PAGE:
Daniel Pantaleo fired: 5 years after Eric Garner’s death, NYPD officer is out
New York City police commissioner James O’Neill speaks during a press conference to announce the termination of officer Daniel Pantaleo on August 19, 2019, in New York City. Officer Pantaleo has been fired from the NYPD after his involvement in the chokehold-related death of Eric Garner in 2014. [Photo: Drew Angerer/Getty Images]

More than five years after Eric Garner died while being arrested for allegedly selling loose cigarettes on Staten Island, the officer captured on video with his arm around Garner has been fired.

Police Commissioner James O’Neill fired the officer, Daniel Pantaleo, saying he “can no longer effectively serve as a New York City police officer.” A departmental judge had recommended his firing, saying Pantaleo’s version of the story of Garner’s death was “implausible and self-serving,” the New York Times recently reported.

Eric Garner became a rallying point for the Black Lives Matter movement, with his final words—”I can’t breathe”—taken up by protesters challenging police brutality around the country. Local and federal investigations failed to charge Pantaleo or anyone else in Garner’s death. The department judge and police commissioner both found that Pantaleo put Garner in a chokehold while grappling with him, a banned practice in the New York Police Department, although they declined to find he did so intentionally.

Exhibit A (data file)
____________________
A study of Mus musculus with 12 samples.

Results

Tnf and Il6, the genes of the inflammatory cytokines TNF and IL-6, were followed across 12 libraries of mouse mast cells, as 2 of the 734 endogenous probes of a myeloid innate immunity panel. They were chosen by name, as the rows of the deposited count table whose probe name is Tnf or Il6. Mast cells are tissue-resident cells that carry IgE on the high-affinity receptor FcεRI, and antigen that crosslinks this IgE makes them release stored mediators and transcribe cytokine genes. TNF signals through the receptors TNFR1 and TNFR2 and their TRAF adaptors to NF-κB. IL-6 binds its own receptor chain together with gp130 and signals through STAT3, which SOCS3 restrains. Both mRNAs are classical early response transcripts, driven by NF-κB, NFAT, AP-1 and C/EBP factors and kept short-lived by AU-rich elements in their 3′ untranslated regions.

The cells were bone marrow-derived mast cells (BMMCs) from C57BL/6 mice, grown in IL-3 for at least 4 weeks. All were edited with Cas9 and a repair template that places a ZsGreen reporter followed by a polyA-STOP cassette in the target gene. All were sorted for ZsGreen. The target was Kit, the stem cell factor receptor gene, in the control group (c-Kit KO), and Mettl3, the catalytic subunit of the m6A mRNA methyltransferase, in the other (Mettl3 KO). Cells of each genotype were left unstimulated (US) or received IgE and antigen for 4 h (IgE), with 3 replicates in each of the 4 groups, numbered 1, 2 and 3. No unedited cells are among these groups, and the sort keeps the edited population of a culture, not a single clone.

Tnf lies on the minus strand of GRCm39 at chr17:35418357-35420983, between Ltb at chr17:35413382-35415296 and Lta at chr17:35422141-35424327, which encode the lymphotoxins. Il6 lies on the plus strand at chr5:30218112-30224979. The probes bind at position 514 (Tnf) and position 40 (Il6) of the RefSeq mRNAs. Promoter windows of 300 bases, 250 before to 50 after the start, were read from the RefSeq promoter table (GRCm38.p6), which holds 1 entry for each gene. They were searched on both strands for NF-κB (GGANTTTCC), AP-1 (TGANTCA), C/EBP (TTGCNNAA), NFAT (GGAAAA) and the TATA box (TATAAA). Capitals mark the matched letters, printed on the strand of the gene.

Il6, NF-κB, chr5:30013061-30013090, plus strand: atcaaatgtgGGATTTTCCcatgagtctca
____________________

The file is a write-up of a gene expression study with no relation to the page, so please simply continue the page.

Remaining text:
The case has also come up in the 2020 presidential campaign, where New York mayor Bill de Blasio is seeking the Democratic nomination. Protesters at last month’s debate demanded de Blasio fire Pantaleo. The mayor had said he doesn’t have the power to do so, since that’s legally up to the police commissioner, although critics contended that he could have pressured the department publicly or privately.

De Blasio, whose mayoral platform included police reform, has had a sometimes-stormy relationship with the NYPD and the Police Benevolent Association that represents its officers. Patrick Lynch, head of the PBA, denounced Pantaleo’s firing as a political action.

The Civilian Complaint Review Board, an oversight agency that investigates complaints of police misconduct, applauded the move, although it said it should have happened sooner. “Make no mistake: This process took entirely too long,” the board said in a statement. “And the tragic reality is that neither a verdict from a judge nor a decision by a police commissioner can reverse what happened on July 17, 2014.”